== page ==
Self-employed fear unaffordable tax bills in wake of virus

Up to a million self-employed people could soon face tax bills bigger than their annual earnings because the coronavirus pandemic has shredded their livelihoods and they do not know about government support measures, the Treasury has been warned.

A large proportion of the UK’s 4.5m freelance workers pre-pay their income tax bills in instalments twice a year, in amounts based on the previous year’s earnings.

However, groups representing the self-employed have warned that the rules could lead to many people facing unaffordable bills for the 2020-21 tax year ending next April as a result of dramatic drops in their income compared to 2019-20. The first of the so-called payments on account falls due in January and the next is in July.

These groups say concessions introduced by HM Revenue & Customs to soften the financial shock of the pandemic by allowing tax payments to be delayed or reduced are hard to navigate in a fast-evolving economic crisis.

“Most years, payment on account is not a problem, but this year so many people and their business have been so badly impacted — particularly those groups who haven’t been able to access the Self Employment Income Support Scheme [SEISS],” said Andy Chamberlain, director of policy at IPSE [the Association of Independent Professionals and the Self-Employed].

Under SEISS, launched in the spring, the self-employed were initially paid 80 per cent of their previous income but that is dropping to 40 per cent over the winter.

IPSE has estimated that about 1.5m people working for themselves were unable to claim support under SEISS, including limited company directors and people who were newly self-employed when the pandemic hit.


TaxScouts, an online self-assessment tax service provider, estimated 1m people would probably face bigger tax bills than their earnings.

Mart Abramov, the company’s chief executive and co-founder, said: “We believe it’s unfair that the government is planning to go ahead with collecting advance tax payments when we’re all aware that the self-employed have been some of the worst-hit financially in this pandemic.”

He urged the government to make payment on account optional this year to give people more “breathing space”.

HMRC has said that in response to Covid-19 it has allowed self-employed people to defer their payment on account and to request a reduction in their tax bill if they are facing financial difficulty and know their earnings will be down.

Since the start of October, people have also been able to set up an online payment plan to spread their tax bill, up to £30,000, into monthly direct debit payments.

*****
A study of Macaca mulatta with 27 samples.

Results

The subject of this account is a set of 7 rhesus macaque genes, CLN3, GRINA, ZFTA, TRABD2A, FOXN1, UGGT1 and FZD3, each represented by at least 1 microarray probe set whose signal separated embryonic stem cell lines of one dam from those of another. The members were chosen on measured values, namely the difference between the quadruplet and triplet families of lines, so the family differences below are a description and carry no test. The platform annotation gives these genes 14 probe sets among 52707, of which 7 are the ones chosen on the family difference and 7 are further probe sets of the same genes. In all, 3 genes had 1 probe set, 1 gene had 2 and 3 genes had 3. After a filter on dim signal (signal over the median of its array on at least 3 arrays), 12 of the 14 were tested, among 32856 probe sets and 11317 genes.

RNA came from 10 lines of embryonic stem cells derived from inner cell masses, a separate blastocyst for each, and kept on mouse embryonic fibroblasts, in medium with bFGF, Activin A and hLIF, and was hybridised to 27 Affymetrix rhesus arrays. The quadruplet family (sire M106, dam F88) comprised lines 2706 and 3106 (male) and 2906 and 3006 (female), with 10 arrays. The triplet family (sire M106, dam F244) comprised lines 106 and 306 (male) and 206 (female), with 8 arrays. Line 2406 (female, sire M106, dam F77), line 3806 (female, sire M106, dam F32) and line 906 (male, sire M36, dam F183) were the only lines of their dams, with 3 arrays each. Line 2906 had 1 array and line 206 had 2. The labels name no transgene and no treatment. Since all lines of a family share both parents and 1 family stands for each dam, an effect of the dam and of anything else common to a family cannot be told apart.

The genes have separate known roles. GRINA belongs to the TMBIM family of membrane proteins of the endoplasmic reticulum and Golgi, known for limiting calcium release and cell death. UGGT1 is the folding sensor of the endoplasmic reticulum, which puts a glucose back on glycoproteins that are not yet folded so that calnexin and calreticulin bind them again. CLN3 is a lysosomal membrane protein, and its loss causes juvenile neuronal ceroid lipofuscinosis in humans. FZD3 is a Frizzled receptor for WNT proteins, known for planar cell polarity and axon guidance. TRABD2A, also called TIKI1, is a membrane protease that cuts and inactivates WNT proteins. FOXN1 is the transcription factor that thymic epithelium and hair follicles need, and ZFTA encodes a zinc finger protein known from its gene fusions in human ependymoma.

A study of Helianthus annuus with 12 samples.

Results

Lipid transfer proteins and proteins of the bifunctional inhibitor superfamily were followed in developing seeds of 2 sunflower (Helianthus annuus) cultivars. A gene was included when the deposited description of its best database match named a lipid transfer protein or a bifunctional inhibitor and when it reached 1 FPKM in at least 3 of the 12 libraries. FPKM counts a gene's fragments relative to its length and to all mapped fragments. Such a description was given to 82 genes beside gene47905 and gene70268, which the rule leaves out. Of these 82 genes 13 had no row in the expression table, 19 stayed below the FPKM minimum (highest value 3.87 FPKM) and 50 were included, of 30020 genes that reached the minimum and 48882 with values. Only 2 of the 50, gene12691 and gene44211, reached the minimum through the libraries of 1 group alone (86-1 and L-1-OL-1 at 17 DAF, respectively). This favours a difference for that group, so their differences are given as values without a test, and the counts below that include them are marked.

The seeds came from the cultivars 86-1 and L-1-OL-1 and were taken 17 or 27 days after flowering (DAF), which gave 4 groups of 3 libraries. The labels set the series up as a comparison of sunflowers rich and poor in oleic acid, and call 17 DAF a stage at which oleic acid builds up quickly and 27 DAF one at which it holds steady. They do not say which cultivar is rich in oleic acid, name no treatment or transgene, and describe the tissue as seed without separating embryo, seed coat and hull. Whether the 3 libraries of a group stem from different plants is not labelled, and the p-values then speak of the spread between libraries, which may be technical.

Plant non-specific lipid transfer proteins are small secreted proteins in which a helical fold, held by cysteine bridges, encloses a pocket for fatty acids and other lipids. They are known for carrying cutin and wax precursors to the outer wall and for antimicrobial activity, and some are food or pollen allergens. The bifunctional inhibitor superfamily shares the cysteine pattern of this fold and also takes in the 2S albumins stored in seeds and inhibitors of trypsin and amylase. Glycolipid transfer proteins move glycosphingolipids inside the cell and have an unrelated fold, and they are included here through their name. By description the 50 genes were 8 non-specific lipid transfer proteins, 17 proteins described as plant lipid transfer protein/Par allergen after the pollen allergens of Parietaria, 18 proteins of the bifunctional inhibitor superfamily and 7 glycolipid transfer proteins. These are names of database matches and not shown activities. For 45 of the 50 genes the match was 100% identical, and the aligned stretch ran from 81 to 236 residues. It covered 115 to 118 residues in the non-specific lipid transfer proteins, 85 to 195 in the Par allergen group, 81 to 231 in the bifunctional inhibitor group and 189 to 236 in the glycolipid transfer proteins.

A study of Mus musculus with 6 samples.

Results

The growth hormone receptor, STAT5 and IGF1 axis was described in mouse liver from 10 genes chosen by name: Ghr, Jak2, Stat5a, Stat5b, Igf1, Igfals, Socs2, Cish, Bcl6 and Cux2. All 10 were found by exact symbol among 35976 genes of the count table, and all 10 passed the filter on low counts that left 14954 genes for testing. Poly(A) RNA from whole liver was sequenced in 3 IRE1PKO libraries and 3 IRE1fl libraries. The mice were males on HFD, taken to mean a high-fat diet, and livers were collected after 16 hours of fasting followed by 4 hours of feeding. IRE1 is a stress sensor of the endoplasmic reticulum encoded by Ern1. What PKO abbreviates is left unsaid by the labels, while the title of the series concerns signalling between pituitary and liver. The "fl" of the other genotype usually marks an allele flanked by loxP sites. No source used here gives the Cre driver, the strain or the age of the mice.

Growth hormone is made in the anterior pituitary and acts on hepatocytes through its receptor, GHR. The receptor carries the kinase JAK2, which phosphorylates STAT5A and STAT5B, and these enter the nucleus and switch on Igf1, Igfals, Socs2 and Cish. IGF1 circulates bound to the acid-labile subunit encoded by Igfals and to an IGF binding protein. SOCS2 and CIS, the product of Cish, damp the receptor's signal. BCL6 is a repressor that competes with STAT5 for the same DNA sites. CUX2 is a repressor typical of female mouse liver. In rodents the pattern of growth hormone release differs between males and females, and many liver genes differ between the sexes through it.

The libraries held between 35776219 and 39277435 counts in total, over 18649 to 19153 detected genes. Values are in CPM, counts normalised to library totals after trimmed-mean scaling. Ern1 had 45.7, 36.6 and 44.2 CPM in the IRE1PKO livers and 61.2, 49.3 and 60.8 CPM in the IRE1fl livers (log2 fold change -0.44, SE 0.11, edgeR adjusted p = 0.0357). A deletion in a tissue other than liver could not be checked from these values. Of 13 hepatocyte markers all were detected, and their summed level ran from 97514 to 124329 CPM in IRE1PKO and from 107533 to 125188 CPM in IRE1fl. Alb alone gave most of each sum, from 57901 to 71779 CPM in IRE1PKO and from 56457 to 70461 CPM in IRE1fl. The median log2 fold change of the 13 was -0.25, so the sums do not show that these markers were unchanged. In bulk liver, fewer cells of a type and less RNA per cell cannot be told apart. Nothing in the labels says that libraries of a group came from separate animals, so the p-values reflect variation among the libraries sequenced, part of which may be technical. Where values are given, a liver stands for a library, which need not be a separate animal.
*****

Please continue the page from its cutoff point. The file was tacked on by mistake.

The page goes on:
However, Mr Abramov argued that the government’s measures still required self-employed people to navigate a complex bureaucracy to get help rather than HMRC offering simple measures that are applied automatically.


HMRC said: “HMRC stands ready to support any taxpayer in financial distress as a result of Covid-19 and we would urge anyone who may struggle to pay their outstanding tax liabilities to contact us as soon as possible.”

Meanwhile Ed Miliband, the shadow business secretary, on Friday accused the government of leaving half a million self-employed people “in the lurch” after capping SEISS at 40 per cent of previous earnings.

Labour calculations suggest this amounts to just £450 a month for the average self-employed person working in the arts or hospitality industries.

Mr Miliband pointed out that during the first lockdown the self-employed received “parity” with employees, with both getting 80 per cent of their usual income.

“Ministers are leaving self-employed people in the lurch,” Mr Miliband said. “Almost half a million self-employed people work in industries either partially or fully closed. They’re in deep choppy waters with many desperately worried about their future . . . the business secretary must stand up for them and ensure they are given a fair deal.”

Labour reached the £450 monthly figure by taking the average three-month grant payment for the arts and hospitality sectors under the first tranche of the scheme, at £2,700, and dividing it by three to produce a monthly figure of £900. That figure will now be halved.


 “It is not true to say SEISS is the only support available to these groups. Depending on their circumstances they might qualify for grants worth up to £3,000 a month, tax write-offs, deferrals and support through the reinforced welfare safety net.”